Tesla (NASDAQ:TSLA) just announced a $2 billion bond financing as a first step in putting together an approximately $5 billion package to fund a "gigafactory" to produce batteries for up to 500,000 vehicles annually. The battery capacity is a key part of Tesla's planned growth and without the factory or some other large scale source, battery supply would limit Tesla.
Notwithstanding the need, I don't like the financing terms. The 0.25% bonds are cheap enough and the conversion rate of 2.8 Tesla shares for every $1,000 bond is favorable to existing shareholders.
So why don't I like it? I have three reasons, all very critical.
First, the deal does not completely fund the new battery factory which will very likely take a couple of years to build. Reports that Panasonic and some suppliers might put up another $1 billion is encouraging, but it will still leave $2 billion to be found. The time taken to fund the project could delay it.
Second, the financing apparently has appeal to short sellers who can buy the bond and sell short the stock, with the bond providing a cap on losses if the short bet does not work out. The Wall Street Journal commented:
Encouraging short sellers is a dangerous path for a growing company, in my view.
Finally, and perhaps most importantly, the bonds come due in 5 years. A five year term is very short in the automotive world. Car markets are cyclical and do not grow monotonically, even for Tesla.
A sharp downturn in the market could occur at some point and possibly just as Tesla needs to refinance the bonds. If the market conditions are adverse, Tesla will face some challenges in getting the money it will need.
The financing was an important step for Tesla. It is pretty clear that operations will not generate enough cash to repay the bonds in a short five years, with cash flows today just able to keep up with spending on fixed assets and research and development. As a Tesla bull I would have preferred it if Tesla had raised straight equity leaving its balance sheet open for bank debt if the balance of the funding need did not come from partners and suppliers.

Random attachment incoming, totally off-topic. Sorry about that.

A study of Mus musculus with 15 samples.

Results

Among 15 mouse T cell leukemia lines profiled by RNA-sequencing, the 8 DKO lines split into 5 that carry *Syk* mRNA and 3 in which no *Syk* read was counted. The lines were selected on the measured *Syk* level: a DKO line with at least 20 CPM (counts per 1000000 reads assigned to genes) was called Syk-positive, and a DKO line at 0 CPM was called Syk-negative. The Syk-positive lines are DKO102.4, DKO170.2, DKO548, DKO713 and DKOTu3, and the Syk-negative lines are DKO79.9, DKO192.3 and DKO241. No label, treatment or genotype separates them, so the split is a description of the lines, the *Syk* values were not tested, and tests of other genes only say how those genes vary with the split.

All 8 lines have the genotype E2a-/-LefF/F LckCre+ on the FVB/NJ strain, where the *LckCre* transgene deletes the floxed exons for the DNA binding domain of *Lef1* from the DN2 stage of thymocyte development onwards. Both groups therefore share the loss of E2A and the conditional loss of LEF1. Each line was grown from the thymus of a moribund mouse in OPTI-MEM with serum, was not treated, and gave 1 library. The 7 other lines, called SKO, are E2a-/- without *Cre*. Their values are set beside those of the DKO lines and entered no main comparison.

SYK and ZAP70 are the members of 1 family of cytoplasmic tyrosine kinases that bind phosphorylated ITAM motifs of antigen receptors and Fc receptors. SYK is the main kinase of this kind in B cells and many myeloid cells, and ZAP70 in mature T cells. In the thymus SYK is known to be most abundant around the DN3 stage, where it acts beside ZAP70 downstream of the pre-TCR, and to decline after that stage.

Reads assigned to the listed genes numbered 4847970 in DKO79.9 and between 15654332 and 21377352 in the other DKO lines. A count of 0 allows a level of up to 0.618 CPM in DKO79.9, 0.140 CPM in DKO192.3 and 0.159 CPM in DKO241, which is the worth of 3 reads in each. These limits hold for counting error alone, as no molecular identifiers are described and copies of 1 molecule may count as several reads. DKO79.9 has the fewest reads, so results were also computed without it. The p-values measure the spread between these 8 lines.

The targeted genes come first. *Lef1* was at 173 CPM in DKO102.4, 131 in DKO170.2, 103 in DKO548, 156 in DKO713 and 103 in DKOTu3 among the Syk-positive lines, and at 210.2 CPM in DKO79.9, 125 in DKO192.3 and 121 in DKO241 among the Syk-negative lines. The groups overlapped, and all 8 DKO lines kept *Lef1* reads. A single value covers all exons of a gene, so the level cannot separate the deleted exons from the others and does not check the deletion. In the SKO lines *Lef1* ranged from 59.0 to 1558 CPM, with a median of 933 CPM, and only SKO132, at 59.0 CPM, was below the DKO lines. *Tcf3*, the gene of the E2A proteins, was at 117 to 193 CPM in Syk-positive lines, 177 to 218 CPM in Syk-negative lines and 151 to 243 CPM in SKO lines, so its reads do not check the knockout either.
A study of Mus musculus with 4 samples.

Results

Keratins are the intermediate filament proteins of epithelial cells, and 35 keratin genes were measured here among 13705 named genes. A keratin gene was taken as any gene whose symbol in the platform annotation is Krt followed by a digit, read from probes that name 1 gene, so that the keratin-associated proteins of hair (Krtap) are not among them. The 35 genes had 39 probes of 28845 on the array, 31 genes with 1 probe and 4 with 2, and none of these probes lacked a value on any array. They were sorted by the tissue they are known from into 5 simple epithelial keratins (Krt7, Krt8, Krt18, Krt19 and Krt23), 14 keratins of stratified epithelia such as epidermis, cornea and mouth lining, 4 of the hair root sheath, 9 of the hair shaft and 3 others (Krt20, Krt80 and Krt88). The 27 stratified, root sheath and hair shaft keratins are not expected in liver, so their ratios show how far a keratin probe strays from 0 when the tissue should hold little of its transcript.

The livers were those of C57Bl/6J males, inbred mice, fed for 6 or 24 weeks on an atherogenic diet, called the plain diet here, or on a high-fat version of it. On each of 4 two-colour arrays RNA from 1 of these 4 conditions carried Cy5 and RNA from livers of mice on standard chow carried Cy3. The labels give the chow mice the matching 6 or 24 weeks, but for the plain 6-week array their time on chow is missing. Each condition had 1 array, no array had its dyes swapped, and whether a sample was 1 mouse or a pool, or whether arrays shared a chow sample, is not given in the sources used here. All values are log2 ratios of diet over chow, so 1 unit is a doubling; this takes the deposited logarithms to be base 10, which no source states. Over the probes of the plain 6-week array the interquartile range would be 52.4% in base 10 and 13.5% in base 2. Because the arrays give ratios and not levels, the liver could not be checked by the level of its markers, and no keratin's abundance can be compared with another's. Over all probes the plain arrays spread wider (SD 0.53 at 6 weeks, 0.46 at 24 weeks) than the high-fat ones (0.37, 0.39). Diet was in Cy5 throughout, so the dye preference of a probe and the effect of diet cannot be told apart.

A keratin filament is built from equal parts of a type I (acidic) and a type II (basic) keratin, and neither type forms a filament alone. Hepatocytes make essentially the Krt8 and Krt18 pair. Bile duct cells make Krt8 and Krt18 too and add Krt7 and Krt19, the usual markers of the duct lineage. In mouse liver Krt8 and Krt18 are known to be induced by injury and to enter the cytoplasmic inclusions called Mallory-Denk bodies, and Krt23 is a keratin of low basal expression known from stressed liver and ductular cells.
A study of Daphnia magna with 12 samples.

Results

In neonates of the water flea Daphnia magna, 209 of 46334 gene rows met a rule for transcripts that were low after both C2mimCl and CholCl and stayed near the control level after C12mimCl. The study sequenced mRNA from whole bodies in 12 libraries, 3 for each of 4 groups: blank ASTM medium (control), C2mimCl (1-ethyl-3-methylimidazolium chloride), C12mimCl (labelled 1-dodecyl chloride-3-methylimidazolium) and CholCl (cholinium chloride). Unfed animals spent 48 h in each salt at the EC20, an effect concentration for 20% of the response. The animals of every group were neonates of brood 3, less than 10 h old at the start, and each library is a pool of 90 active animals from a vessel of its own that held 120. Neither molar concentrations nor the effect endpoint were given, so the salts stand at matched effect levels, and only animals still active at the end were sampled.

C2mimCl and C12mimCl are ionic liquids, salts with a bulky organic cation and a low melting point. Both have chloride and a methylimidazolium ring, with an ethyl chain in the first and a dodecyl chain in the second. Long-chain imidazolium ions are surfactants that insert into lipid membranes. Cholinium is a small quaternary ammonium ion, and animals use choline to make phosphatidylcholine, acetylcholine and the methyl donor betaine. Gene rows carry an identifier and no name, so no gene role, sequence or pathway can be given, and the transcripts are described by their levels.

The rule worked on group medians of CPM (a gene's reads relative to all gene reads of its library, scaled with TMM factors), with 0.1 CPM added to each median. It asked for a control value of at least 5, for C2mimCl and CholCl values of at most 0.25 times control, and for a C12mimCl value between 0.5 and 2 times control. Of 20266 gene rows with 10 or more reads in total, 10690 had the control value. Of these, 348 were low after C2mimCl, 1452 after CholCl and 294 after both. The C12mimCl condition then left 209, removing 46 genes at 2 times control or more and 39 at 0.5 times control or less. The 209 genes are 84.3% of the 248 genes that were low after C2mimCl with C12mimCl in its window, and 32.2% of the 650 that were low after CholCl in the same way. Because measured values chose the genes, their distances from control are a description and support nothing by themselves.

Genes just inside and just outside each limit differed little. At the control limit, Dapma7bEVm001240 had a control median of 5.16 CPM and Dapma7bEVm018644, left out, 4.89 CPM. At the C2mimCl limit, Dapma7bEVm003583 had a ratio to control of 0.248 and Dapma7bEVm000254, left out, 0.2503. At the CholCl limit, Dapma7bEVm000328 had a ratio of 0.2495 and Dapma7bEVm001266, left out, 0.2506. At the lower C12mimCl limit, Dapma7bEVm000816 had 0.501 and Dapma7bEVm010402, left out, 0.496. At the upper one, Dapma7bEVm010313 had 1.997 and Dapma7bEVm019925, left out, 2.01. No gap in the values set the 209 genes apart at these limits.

Longer term if Tesla avoids refinancing issues, the battery initiative should pay off. Volume of 500,000 vehicles a year will necessitate 2 assembly plants and very likely capital costs of another $1 to $2 billion for assembly capacity over and above the gigafactory outlays.
The payoff at annual volumes of 500,000 or so is considerable.
My crude Tesla model at 500,000 vehicles a year produces annual revenues of $40 billion more or less and net income approaching $6 billion, almost $50 a share. I have used 2019 as a target date but reaching a scale this great could easily take a year or two longer and to an extent depends on how long it takes to build and start up the gigafactory.
I assumed two assembly plants and two car models and used the Model S and proposed Model X as representative, using average selling prices of $90,000 for the more expensive car and $65,000 for the mid-tier vehicle with a 60:40 split of volumes; put R&D spending at $1 billion and bumped SG&A to $1.2 billion in coming up with ball park figures.
Source: Michael Blair analysis
The numbers for this 2 plant operation look very high at first blush but do not surprise me. As a long time CEO in the automotive parts industry, I have reasonable belief that hidden in General Motors and Ford there are high volume plants that have impressive economics.
Readers should interpret my very crude Tesla calculations as order of magnitude figures and not put too much reliance on them. They are intended to simply make the point that if Tesla can expand without running into a liquidity crisis and reach volumes on the order of the capacity of the planned gigafactory, very solid financial results should follow.
I do not own Tesla shares at present and prefer to wait for a market sell off to consider buying. I like the company but a lot of its growth is already in the stock price and I can see plenty of speed bumps that might impede growth at such a high rate for a 5 year period.